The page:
It is no secret that Nigeria has been dealing with recession worse than ever before. The reasons for this are also well known to include the crashing oil prices, the weakening currency, the increasingly disturbing security challenges, and a host of other socio-political issues. Fortunately, in recent times, it has not been all bad news. It appears that experts have hope that things will begin to turn around in 2017, with a prediction of a 1.3% increase in economic growth by the end of 2017. However, it is rather difficult to match such optimism with galloping inflation, the widespread threat or reality of retrenchment, decrease in purchasing power, and the worrying rate of unemployment, with this supposed optimistic outlook.
The question weighing precariously heavily on the minds of many Nigerians is: how do we cope? Well, where there is a will – and Nigerians certainly have this in spades – there is a way. Granted, with almost all goods and services costing nearly double, and conflicting need to contract spending for many, it has become a daily struggle to make ends meet for the mass public, let alone think of ways to survive or thrive. However, all over the world, it has been proven that in the depths of recession, many big and successful businesses have been borne, simply because they provided the much-needed solution to a shared problem.
Here are 5 examples of companies that started during an economic crisis and are thriving today:
During the 1973 – 1975 recession, Bill Gates started a company that develops computer languages, including MS-DOS that powers IBM computers. Today, Microsoft Windows and Office have become such a huge part of all out lives and the company is making more than US$77 billion per year in revenue.
FedEx also began operations in 1973, when Fredrick Smith determined that a company devoted to fast delivery to cities of all sizes would be a true value add to the society, and it was. Starting with only 14 aircrafts and 389 employees, the company now has 628 aircrafts, over 90,000 delivery vehicles, and more than 300,000 employees.
This one was founded in the depression of 1873 by the creator of the incandescent light bulb – Thomas Edison. Where industries were shutting down left, right and centre, Edison opened a small laboratory in 1876 that has now become today’s General Electric with more than 300,000 employees globally and a cash hoard of more than US$88 billion.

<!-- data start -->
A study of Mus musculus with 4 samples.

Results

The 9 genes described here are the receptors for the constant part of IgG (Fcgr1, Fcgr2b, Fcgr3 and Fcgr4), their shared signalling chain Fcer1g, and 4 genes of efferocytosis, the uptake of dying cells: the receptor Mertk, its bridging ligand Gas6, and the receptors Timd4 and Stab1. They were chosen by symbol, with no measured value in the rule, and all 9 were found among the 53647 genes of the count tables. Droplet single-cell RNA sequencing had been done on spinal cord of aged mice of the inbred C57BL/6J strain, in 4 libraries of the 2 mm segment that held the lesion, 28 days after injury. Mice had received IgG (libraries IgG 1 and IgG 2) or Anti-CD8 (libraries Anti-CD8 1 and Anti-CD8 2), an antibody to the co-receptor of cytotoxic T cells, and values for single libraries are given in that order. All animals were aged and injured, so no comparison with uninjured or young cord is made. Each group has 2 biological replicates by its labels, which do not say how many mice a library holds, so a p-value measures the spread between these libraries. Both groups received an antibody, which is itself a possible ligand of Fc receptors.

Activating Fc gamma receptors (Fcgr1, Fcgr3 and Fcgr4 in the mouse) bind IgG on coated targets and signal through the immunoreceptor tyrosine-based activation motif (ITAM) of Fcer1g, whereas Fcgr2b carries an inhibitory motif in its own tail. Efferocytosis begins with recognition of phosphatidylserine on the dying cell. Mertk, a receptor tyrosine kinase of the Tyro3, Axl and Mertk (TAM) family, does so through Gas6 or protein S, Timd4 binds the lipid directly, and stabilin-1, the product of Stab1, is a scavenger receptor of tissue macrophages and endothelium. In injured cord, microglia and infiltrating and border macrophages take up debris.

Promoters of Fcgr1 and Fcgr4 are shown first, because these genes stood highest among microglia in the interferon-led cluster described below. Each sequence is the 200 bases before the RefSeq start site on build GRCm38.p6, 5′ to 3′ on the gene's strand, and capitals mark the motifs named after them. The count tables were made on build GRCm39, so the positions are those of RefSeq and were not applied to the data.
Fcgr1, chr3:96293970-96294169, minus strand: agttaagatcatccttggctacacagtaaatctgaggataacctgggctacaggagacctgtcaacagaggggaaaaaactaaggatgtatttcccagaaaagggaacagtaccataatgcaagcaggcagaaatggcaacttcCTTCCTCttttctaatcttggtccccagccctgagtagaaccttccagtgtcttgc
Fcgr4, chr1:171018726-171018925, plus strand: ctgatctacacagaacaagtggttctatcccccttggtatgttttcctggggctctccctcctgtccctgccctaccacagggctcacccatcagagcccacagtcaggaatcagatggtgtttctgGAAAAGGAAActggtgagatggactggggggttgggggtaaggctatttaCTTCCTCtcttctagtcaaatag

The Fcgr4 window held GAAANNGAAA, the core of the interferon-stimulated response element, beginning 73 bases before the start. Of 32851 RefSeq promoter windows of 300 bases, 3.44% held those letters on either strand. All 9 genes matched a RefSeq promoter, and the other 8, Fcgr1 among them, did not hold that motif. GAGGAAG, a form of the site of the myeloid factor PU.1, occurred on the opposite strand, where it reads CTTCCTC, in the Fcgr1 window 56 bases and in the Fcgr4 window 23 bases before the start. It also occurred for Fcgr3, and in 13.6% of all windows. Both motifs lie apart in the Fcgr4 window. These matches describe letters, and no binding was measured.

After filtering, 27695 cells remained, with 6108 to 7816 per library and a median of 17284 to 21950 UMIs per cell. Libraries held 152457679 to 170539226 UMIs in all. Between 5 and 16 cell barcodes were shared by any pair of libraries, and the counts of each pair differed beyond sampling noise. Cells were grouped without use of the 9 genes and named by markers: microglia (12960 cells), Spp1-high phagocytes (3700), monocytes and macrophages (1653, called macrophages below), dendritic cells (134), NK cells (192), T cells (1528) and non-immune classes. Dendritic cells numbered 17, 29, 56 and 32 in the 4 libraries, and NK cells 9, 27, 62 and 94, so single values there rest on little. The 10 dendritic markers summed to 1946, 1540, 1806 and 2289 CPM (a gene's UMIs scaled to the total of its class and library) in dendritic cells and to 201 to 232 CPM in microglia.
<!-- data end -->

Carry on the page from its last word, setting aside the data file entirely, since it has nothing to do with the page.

Now one of the biggest cosmetic companies in the world, this company was started by Charles and Joseph Revlon in the 1932 Great Depression, when they introduced their opaque nail polish to the world. This business went on to become a multi-million-dollar establishment only 6 years later. Today, the company generates over $1 billion in revenue each year.
This one seems to be the most shocking, but Jay Pritzker did open an upscale hotel in the middle of a recession in 1957. Surviving a recession that lasted two years, the Hyatt Corporation now operates 524 properties in 46 countries of the world, with over 50,000 employees.
All these companies have gone on to gain global recognition, even though they were founded in less than ideal conditions. What’s more is that they all inadvertently helped build their countries up to get out of either the depression or recession. The same could easily apply here in Nigeria. Think about it for a minute: if you were told to start planting tomatoes in 2015, you may have found a way to wiggle your way out of it; but if you had the power to look ahead and see the tomato scarcity that eventually materialised in 2016, perhaps you would have made the decision to give up everything else and start planting those tomatoes.
We cannot sit by and expect the economy to correct itself in our favour. Yes, the government has a huge role to play in creating an enabling environment for economic growth and development, but the responsibility also lies with us to create value and boost productivity, as hard as it may seem. You might be wondering: where do I begin? Fortunately, there are several industries that have been identified as crucial to strengthening the economy, and these boast good opportunities as follows (note that this list is not exhaustive):
The challenge, therefore, lies with each one of us to ask ourselves what unique skills we can bring to any of these markets that will create real value and solve real needs. This need for products and services that solve problems was a uniting subject with all the speakers at the recently held Vantage Forum, organised by The Elevation Church. In a point that was raised by SystemSpecs’ Managing Director, John Obaro, he made it clear that SystemSpecs has reached its current level of greatness because it sought first to solve its own problems, and then commercialised those solutions for others to benefit from. This point was also reiterated by Country Director, Nigeria of Andela, Seni Sulyman, who urged all entrepreneurs to ask themselves, “What problem is this innovation or idea solving?” and “Who is willing to pay for this solution?”
Summarily, the onus lies on us to see the opportunities in these trying times, and to capitalise on them to create value, not only for ourselves, but for the economy. Where we already have businesses, this is the time to consider redesigning your solutions to meet needs in industries that you have not considered before; for those who are looking to start, ensure you create a value adding product or service that will allow you to create a niche for yourself.
Yes, Nigeria is still experiencing some hard times, but with the right attitude tailored towards productivity, we have a better and quicker chance of turning things around.